In the coming decades, automation is expected to displace vast numbers of employees performing routine tasks in a variety of industries, including Asian factory workers and low-wage jobs in the US manufacturing, logistics, and service sectors. One study posits that half of the world’s work can already be automated using current technologies, though in many cases it is not yet economically efficient to do so. The jobs most ripe for automation are those involving routine, repetitive, manual tasks that robots can perform more rapidly and precisely than humans without experiencing boredom, injury, or fatigue.
Nonetheless, many of the people who have held these jobs up until now possess knowledge that may still be valuable to their employers even after they are replaced by machines. In that light, Quartz’s Sarah Kessler considers what automation will mean for training and knowledge retention as fewer and fewer employees remain who remember how to do the robots’ jobs:
As GE has automated its factories, its executives say they still value experience like [assembler Bill] Knight’s, if only because it helps them catch machine errors and, in some cases, better understand how to program machines. “If there’s something wrong in the calibration of this equipment, I need to know that,” says Denice Biocca, GE’s head of HR for supply chain and services. “I need to have some sort of understanding of what [the process] should be in order to know, ‘the machine says it’s tight, but I know it’s not.”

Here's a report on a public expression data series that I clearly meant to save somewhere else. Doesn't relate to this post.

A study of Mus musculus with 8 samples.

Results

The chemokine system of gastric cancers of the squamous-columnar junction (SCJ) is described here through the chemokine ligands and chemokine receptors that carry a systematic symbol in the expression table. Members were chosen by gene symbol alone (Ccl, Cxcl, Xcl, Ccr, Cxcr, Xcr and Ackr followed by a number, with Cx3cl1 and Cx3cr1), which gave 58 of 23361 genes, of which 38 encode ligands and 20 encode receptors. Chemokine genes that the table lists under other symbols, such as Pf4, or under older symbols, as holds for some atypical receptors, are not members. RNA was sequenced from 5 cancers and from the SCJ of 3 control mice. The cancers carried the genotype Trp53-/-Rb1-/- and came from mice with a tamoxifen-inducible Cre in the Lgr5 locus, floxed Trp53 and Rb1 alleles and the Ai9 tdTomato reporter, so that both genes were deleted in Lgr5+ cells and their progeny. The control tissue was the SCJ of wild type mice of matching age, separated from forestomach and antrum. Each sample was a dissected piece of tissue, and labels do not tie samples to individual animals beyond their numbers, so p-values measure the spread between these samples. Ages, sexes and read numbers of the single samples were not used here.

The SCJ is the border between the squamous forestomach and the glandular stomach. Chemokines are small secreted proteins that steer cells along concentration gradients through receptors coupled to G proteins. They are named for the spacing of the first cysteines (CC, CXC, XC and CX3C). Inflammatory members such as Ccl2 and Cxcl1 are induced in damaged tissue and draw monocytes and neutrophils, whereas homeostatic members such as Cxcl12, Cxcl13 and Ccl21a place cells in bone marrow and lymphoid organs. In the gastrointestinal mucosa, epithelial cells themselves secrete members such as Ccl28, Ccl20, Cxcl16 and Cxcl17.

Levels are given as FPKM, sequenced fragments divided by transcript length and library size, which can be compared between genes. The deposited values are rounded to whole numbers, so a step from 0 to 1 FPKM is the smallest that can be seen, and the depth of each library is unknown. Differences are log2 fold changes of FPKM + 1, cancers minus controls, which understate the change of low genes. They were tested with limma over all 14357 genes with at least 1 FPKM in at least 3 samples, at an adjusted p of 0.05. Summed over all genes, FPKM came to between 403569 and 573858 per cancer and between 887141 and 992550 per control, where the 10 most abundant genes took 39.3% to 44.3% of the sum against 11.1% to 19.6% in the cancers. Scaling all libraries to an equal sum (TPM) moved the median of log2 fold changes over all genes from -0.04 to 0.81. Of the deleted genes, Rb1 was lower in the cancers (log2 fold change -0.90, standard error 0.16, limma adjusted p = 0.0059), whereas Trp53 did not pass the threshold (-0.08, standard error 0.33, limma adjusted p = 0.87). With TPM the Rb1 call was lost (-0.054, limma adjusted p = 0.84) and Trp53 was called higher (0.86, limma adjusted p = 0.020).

Knight, however, won’t be around forever. Future workers who do his job won’t have his experience and won’t be able to double-check the machines. So how will they be trained?
It’s not just GE or manufacturers that face this potential problem. Repetition and apprenticeships are popular training strategies in many types of businesses with high automation potential, including restaurants, client service companies, accounting firms, investment banks, and law firms.
This is yet another reason why employers of blue-collar workers might consider transitioning their older employees into mentorship roles when they want to keep working or can’t afford to retire, especially manufacturers that are having trouble recruiting and retaining employees with the skills they need. More broadly, the advent of automation underscores the need for organizations to ensure that as the baby boomer generation retires, they hand off as much of their institutional knowledge as possible to their millennial successors. Millennials and the generations that follow them are looking at a very different work environment from that of their elders, which might not give them the opportunity to develop the same skills.